Google Embraces And Extends Microsoft Office

ballmer schmidt

Taking a page from the Microsoft playbook of yesteryear, Google Docs today introduced a plug-in for Microsoft Office that offers a more convenient online syncing experience than Microsoft’s own product.

Google Cloud Connect, based on technology gained in Google’s March acquisition of DocVerse, is a plug-in for Word, Excel, and PowerPoint, and it works with versions 2003 and later. Whenever you save a file on your PC, it’ll sync the changes to Google Docs. Multiple people can edit local versions of the same file simultaneously, and conflicts (like two people changing the same part of a document in different ways) are handled through alerts to both users, asking them which version they’d like to save.

Microsoft built similar sync functionality right into Office 2010, but it’s more complicated. You either need to have a SharePoint site, which (at the very least) means buying Windows Server and installing the free version of SharePoint on top of it, or subscribing to SharePoint Online.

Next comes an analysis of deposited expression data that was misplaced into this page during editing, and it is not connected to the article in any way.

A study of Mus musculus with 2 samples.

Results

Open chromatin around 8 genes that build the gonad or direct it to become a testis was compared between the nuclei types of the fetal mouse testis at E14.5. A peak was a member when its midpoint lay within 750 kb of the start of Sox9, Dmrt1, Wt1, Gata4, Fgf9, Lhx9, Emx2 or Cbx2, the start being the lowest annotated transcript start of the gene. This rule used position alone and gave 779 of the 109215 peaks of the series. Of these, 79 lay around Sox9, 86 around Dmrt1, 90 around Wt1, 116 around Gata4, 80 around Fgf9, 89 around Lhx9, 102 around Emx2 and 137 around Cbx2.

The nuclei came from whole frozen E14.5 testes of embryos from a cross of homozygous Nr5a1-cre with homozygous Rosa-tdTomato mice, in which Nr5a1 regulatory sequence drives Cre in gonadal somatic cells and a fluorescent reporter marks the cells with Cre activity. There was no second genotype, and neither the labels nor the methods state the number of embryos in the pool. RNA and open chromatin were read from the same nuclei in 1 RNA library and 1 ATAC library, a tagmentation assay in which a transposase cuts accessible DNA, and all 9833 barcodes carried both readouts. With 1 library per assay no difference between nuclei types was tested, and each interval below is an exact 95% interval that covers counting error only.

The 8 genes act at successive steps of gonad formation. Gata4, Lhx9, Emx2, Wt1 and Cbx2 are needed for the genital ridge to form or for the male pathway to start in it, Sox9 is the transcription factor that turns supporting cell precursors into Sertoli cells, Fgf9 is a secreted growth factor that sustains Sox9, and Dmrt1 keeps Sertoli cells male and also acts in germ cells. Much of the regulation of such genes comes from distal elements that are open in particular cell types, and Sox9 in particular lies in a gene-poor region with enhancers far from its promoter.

If you don’t want to pay, you need to use Microsoft’s free SkyDrive service, which isn’t so great for business collaboration–it uses individual Windows Live IDs, which means you have to go through and set permissions based on your colleagues’ Live ID usernames. Also, this feature is built into Office 2010, but users of earlier versions have to upload to SkyDrive manually. (There used to be a plug-in to save documents from Office 2003 and 2007 to a different service, Office Live Workspace, but that service was killed in favour of SkyDrive.)

This isn’t just a technical limitation, it’s a business decision. Microsoft doesn’t want cloud services to cannibalise software sales, so it goes to great lengths to make sure that its cloud services work best (or only) with the latest versions of its software. Google can take advantage of Microsoft’s quandary by making its online services work with whatever version of Microsoft software you happen to use.

Paying customers of Google Apps for Business can sign up to test out Cloud Connect now. The rest of us will get it when Cloud Connect launches next year.